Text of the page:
New Hampshire’s relationship with Japan and the shared history which is highlighted by the peace conference ending the Russo-Japanese War with the Portsmouth Peace Treaty signed at the Portsmouth Navy Yard in 1905, began early.
In fact the history of New Hampshire-Japan relations is often indistinguishable from the history of US-Japan relations. While American ships had traded as neutral vessels with Japan through the Dutch East Indies Company from 1797 to 1809, Edmund Roberts, the Portsmouth-born sea captain was the first official US delegate bearing instructions from the US President (Andrew Jackson) to make overtures to the emperor. His voyage was made in 1832.
A stained glass window in one of the oldest churches, St. John’s, in Portsmouth is dedicated to Roberts; and when Rev. E.W. Clark, another native son returned to the city to greet his former students Komura and Takahira who were among the 1905 Japanese diplomats, he mentioned the window in a letter to his friend and fellow Japanese school teacher W. E. Griffis. Griffis subsequently wrote an article for the New York Times, “Edmund Roberts, Our First Envoy to Japan.”
Roberts started trading in the East in 1827. Returning to New Hampshire in 1832 he interested his friend, Levi Woodbury, US Senator from New Hampshire and later Secretary of the Navy in the Jackson administration, in the idea of negotiating treaties to put the US on equal footing with other trading nations. Roberts secured treaties with Muscat and Siam in 1833; but died of typhoid in Macao in 1836 before he could reach Japan. Roberts’ work effectively set the stage for Commodore Matthew Perry who successfully opened Japan to trade with his “Black Ships” fleet in 1853-54.
The New Hampshire connection with Perry is that the Commodore was a friend of Franklin Pierce – New Hampshire’s only representative in the White House – and though President Fillmore had written the formal letter of introduction to the Japanese Emperor on behalf of the United States, Perry timed his arrival for President Pierce to earn the honor of being the one whose administration succeeded with the task and is credited with the 1854 Treaty of Peace and Amity.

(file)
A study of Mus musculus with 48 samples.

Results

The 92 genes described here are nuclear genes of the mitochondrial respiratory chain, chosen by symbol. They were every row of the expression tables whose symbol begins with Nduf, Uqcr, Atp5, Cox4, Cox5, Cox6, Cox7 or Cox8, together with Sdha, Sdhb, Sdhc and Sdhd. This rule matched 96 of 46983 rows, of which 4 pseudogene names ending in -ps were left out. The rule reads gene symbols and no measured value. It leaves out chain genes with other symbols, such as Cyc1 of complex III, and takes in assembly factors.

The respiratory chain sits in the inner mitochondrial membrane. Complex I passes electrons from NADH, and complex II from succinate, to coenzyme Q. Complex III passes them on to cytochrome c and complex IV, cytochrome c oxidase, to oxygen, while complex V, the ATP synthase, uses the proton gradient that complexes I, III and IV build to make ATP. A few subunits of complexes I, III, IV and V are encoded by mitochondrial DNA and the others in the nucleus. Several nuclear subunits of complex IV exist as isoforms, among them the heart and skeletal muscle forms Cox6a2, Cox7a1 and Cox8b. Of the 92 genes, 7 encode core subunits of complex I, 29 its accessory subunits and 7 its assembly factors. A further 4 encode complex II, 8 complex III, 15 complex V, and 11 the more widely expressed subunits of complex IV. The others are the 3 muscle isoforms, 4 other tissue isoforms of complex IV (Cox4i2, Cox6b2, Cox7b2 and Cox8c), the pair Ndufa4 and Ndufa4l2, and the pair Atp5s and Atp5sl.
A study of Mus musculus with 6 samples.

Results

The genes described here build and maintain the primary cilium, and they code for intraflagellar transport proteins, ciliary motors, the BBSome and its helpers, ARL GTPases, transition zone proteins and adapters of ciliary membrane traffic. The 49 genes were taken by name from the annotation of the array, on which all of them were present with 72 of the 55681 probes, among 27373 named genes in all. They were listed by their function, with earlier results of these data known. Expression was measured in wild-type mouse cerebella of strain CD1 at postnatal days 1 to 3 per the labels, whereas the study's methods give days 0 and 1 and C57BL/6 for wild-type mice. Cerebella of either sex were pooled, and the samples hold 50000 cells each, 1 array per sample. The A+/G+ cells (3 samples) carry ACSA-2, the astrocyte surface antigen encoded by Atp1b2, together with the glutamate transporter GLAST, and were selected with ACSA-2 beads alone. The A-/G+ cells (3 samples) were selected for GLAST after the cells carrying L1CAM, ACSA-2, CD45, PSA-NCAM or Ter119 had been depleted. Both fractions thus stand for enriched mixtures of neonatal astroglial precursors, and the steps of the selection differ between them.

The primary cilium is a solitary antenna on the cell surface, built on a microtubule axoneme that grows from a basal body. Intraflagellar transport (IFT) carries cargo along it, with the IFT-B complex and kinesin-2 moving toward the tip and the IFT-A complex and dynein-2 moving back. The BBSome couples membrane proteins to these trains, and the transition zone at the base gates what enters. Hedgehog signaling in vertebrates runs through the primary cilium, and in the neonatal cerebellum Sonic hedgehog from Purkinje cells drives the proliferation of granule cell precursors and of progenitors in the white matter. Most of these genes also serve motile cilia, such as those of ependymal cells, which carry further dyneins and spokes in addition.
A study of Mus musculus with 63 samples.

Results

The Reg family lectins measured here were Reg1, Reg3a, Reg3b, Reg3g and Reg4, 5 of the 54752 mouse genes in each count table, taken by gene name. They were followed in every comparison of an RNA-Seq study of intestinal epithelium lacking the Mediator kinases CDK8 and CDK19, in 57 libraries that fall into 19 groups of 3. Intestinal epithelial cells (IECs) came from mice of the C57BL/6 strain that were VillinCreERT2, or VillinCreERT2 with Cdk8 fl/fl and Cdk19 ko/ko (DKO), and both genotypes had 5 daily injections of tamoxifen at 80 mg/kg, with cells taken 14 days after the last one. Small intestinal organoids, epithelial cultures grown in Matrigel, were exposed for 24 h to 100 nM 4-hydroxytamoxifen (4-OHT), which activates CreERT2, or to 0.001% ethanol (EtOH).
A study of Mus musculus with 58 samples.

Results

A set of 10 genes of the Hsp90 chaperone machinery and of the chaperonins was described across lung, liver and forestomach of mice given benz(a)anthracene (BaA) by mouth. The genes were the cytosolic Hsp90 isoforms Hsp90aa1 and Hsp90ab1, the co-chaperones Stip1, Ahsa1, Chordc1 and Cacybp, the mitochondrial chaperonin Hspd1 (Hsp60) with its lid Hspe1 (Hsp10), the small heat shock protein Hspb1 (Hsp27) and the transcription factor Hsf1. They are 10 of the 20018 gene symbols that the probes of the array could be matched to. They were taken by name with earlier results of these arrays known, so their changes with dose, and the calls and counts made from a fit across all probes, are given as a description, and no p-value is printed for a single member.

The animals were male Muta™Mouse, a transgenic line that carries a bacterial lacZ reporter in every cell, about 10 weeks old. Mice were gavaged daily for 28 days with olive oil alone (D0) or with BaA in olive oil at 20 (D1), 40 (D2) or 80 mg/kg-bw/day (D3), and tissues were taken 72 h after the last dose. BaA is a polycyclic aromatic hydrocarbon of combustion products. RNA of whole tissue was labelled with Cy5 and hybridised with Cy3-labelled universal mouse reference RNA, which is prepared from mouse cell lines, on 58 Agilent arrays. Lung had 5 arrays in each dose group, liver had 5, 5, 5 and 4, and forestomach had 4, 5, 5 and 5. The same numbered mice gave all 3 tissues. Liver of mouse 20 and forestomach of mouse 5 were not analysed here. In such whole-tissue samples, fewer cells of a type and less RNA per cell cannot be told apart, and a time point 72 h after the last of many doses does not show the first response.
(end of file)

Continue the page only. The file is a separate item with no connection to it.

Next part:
President Pierce subsequently dispatched Townsend Harris (of New York) as the First American Consul in Japan. Harris had hoped to accompany Commodore Perry; but traveled separately, arriving in Shimoda in 1856. More than a year later – on December 7, 1857 – Harris presented his letter of introduction from Pierce to the Emperor and spent the next four years assisting in trade negotiations and setting the stage for Americans like Clark and Griffis who would bring Western studies of mathematics, chemistry and law to students at the Imperial University of Tokyo.
Harris returned from Japan in 1861 and would be succeeded in Japan by another New Hampshire man: Henry Willard Denison, who had grown up in Lancaster, New Hampshire. Denison went to Japan in 1869 as vice consul in the American Consulate in Yokohama. When Consul Lemon was recalled, Denison became acting consul and from 1880 until his death on July 4, 1914 served legal advisor to the Japanese Ministry of Foreign Affairs. Denison accompanied the Japanese delegation back to New Hampshire in 1905 and visited Lancaster – stopping first in Concord, where the Pierce Manse still stands today – after the Portsmouth Peace Treaty was signed.
Research in 2012 revealed that the Japanese cherry trees that are an iconic and much-loved sight in Washington DC were actually a gift from Japan in appreciation for US assistance during the Russo-Japanese War. As Theodore Roosevelt won the Nobel Peace Prize for orchestrating the diplomacy that led to the signing of the Treaty, and since the US was only an observer to the War, the most significant help provided to Japan was to provide the atmosphere that produced the peace, in Portsmouth NH.
It turns out that the Japanese industrialist, living in New York, who helped underwrite the cost of the cherry trees planted in DC in 1912, was a very close friend of one Baron Shibusawa – who had served as Townsend Harris’ samurai bodyguard. Immediately after the Russo-Japanese War, Shibusawa served as an active advocate for the citizen diplomacy so evident in the summer of 1905 in Portsmouth, and now celebrated in Portsmouth Peace Treaty Day, September 5th, throughout New Hampshire. The Eichi Sibusawa Memorial Foundation recognizes the importance of that “private sector diplomacy” and its contribution to US-Japan relations today.